Manufacturing activity in China expanded at its fastest pace in almost a year last month, official data showed on Monday, indicating conditions in the world's number-two economy continued to improve.
The official purchasing managers' index (PMI) hit 50.9 in March, the highest since April 2012 when the figure stood at 53.3, according to the National Bureau of Statistics and the China Federation of Logistics and Purchasing (CFLP).
PMI is a widely-watched barometer of the health of China's economy, with a reading above 50 indicating expansion while anything below points to contraction.
The March reading improved from 50.1 in February and signalled the sixth consecutive month of expanding manufacturing activity in the country.
The rebound in PMI last month was led by increasing new orders as demand improved, driven by exports and investment, said Zhang Liqun, a government analyst, in a CFLP statement.
"The current data showed the economy generally remained stable. But we have to keep a close eye on changes that may take place in the coming months," Zhang said.
British bank HSBC -- whose survey focuses more on smaller enterprises -- said its final PMI for March stood at 51.6 in March, up from 50.4 in February, when the reading dipped to its lowest since October.
"China's recovery continues, mainly driven by the gradually improving domestic demand conditions," said Qu Hongbin, a Hong Kong-based economist with the bank, in a statement.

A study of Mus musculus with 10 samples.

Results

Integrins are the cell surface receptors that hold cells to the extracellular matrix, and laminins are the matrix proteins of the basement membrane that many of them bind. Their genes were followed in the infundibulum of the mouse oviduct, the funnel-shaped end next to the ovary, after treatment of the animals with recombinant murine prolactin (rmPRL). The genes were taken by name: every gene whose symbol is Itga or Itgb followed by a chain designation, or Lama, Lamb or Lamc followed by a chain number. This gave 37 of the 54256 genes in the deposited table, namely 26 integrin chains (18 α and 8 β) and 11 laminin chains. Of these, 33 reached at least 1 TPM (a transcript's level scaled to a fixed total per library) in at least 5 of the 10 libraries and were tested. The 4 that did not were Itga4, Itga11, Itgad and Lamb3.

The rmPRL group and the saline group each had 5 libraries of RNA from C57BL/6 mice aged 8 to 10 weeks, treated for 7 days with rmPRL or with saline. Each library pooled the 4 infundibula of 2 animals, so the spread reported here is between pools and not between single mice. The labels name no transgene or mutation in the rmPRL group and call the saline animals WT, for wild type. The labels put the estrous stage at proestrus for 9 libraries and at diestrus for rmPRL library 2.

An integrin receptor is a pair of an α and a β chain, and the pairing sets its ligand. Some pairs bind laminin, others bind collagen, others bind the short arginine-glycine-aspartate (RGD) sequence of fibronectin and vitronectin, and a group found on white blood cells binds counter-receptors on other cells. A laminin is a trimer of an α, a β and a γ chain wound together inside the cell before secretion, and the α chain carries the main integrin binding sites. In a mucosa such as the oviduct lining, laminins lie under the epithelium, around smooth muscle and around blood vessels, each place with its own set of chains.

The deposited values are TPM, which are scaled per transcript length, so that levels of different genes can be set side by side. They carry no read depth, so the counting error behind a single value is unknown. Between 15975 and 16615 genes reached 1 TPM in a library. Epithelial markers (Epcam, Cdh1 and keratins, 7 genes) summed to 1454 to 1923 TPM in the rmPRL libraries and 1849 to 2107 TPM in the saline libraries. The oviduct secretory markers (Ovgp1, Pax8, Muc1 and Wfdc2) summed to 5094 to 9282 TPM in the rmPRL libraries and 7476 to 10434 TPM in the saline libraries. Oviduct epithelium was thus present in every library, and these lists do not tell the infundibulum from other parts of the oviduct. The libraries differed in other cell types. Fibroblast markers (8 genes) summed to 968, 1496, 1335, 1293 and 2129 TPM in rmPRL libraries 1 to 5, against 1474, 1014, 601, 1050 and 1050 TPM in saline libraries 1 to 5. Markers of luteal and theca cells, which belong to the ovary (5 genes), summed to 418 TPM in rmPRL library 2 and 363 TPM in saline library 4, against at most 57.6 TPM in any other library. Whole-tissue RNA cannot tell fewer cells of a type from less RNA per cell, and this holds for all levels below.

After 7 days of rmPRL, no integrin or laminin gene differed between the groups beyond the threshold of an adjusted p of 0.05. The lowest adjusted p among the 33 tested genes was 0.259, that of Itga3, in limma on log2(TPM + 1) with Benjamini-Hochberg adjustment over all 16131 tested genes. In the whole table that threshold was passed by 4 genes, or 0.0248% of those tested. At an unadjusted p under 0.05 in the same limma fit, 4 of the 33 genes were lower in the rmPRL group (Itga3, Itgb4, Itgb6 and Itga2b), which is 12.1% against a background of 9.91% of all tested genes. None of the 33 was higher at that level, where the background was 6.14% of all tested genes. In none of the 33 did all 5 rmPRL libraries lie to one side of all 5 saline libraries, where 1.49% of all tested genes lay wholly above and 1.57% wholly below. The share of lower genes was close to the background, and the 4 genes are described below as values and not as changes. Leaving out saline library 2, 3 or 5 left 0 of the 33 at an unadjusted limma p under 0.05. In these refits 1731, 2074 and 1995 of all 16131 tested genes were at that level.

Declining input prices and "lingering external headwinds" -- an apparent reference to the eurozone's woes and the sluggish US recovery -- indicated that inflationary pressures were easing, he said.
China's economy expanded 7.8 percent in 2012, its slowest pace for 13 years, in the face of weakness at home and in key overseas markets.
But growth accelerated in the final three months of last year to 7.9 percent, snapping seven straight quarters of weakening expansion.
However, government figures pointed to a slowdown in retail sales growth last month, suggesting the budding recovery may be fragile.
China's inflation hit a 10-month high of 3.2 percent in February, up from January's 2.0 percent, as holiday season spending and rapid credit growth accelerated price rises.